In his first big-league camp with the Colorado Rockies, outfielder Mike Tauchman is making the most of his moments.
Tauchman has put together some impressive numbers in the minors, including a .294 season last year in his first Double-A season with the New Britain Rock Cats. On his way to earning All-Star honors last season, Tauchman established new career highs in doubles (23), triples (6), total bases (193), stolen bases (25), and walks (47).
The solid season paid off as Tauchman was invited to spring training with the Rockies.
“I was excited. It made me those last few weeks of the offseason go a little slower,” Tauchman smiled. “I was looking forward to getting out here. It was definitely exciting and I viewed it as an opportunity to make a good impression on the big league staff and the organization.”
Through Thursday’s games, Tauchman is batting .333 with three hits in nine at-bats. One of those hits was a two-run triple in Colorado’s 9-5 decision over the San Diego Padres on March 5.
“Earlier in the week, I was being a little overaggressive and trying to get hits,” Tauchman said. “I went back to my approach of being patient and thinking, ‘If I get a fastball over the big portion of the plate, I’m just going to put a good swing on it and not do too much.’ I just wanted to put the barrel on it. It felt good. Even though they’re spring training games and they don’t count for standings or toward the championship, it’s always good to have a big hit in a big situation. In the grand scheme of things, it felt good to have my approach and execute what I was trying to do.”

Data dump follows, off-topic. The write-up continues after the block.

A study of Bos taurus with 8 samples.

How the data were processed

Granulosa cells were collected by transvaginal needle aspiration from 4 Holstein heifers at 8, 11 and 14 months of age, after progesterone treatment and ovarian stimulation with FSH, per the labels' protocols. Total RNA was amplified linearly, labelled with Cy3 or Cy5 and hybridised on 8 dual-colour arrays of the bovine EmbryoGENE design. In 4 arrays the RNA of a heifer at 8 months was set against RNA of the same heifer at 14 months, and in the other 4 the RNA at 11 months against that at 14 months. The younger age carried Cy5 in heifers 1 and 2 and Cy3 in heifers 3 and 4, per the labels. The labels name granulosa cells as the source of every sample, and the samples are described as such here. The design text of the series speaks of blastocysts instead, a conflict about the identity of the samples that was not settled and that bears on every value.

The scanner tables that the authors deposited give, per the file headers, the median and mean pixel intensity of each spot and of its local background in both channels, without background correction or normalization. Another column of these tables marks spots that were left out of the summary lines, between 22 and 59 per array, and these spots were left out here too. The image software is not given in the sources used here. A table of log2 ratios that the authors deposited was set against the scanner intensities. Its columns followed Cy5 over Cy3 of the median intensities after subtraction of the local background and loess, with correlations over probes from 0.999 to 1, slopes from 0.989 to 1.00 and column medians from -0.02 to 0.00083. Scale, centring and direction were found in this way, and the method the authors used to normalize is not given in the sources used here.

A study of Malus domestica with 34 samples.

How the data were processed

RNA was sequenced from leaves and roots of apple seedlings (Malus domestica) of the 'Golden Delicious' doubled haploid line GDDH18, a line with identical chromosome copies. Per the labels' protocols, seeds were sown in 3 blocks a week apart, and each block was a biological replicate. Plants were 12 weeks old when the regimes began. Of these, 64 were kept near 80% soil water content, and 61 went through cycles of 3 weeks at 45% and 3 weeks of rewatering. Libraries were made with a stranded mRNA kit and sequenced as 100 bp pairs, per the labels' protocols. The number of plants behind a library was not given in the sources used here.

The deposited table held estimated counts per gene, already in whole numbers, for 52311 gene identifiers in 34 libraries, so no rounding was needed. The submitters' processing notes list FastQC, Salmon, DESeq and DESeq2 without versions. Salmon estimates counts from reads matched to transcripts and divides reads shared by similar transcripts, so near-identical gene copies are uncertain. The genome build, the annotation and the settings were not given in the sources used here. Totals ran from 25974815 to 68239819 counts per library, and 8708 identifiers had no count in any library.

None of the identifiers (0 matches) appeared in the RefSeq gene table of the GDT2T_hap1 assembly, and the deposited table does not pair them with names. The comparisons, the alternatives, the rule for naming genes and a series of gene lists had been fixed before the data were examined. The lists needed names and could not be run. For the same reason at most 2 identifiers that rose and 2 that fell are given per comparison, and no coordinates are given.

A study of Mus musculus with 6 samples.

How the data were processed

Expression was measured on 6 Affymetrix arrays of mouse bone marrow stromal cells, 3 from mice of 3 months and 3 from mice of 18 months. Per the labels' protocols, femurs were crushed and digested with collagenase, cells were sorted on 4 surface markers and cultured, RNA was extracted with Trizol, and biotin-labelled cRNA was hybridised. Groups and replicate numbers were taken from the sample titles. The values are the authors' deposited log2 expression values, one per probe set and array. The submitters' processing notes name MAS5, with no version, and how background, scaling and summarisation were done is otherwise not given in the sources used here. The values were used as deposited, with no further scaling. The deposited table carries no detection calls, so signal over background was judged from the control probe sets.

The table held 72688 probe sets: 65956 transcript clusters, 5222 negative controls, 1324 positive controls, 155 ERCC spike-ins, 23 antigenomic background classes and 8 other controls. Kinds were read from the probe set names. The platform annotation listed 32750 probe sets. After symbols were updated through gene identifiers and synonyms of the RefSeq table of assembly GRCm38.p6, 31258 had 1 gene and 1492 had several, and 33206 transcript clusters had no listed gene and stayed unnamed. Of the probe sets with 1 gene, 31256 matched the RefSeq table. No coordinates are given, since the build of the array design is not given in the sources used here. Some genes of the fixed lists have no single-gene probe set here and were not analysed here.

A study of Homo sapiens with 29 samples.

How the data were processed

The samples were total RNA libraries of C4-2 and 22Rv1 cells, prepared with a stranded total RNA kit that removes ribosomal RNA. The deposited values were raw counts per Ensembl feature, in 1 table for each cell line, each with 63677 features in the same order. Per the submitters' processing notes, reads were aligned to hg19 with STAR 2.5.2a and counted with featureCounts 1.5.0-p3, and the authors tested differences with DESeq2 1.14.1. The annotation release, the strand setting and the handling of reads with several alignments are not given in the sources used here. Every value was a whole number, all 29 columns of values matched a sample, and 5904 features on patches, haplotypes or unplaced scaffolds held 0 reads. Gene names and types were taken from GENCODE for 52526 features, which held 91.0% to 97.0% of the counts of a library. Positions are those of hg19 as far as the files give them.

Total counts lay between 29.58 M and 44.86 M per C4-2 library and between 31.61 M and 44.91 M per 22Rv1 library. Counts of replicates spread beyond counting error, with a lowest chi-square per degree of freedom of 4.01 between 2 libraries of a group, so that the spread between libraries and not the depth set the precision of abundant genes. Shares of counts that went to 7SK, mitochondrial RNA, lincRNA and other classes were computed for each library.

The 25-year-old left-hander says he is enjoying the moment but also soaking up as much knowledge as he can from veteran outfielders such as Carlos Gonzalez and Charlie Blackmon.
“They’ve been very welcoming,” Tauchman said of his spring teammates with MLB experience. “I have nothing but positive things to say. It’s always good to pick the brains of guys who have had success at the Major League level. That’s something that not a lot of people are able to do. Any time you can talk to those guys and pick their brains about how they prepare or what they would do in certain situations, it’s great.
“Being here helps with the mental preparation. Seeing how the veterans prepare and getting at-bats versus high-quality pitching, that is big. Any time you see arms that are big-league arms, it’s only going to make you better. You learn from it and see how your approach plays versus that kind of talent. You do a lot of self-evaluating, see where you’re at, and make the adjustments you need to make. If something’s going good, you roll with it and go from there.”
A semi-finalist for the USA Baseball Golden Spikes Award and a first-team Rawlings/ABCA All-American in 2013 at Bradley University, Tauchman was drafted in the 10th round by the Rockies. He has steadily moved up the organizational charts and is trying to soak in the moment rather than let the pressure of performing with his big-league counterparts watching him affect his play.
“I think there can be pressure but the mark of the guys who are the really elite players in the game is that they can take really big moments and treat it like they’re in the backyard taking batting practice off their dad,” Tauchman said. “They have that kind of calmness. That’s something that you can work on and not let the moment get too big and think in the grand scope of things that you’re getting ready for the season, whether you’re in Asheville, Modesto, Hartford, Albuquerque, or Denver. You have to get ready for the season.”
For now, Tauchman doesn’t know which level of the Colorado organization he will call home this season. That’s OK with him. He says he is more on being the best player he can be rather than his address.
“I’m trying to take things a day at a time,” Tauchman said. “It’s my first time in camp and I am trying to learn a lot from the veterans. They’ve been great. I’m trying to make the most of the opportunities when I get in the games and get at-bats. I’m doing everything with the mindset of preparing for the season.”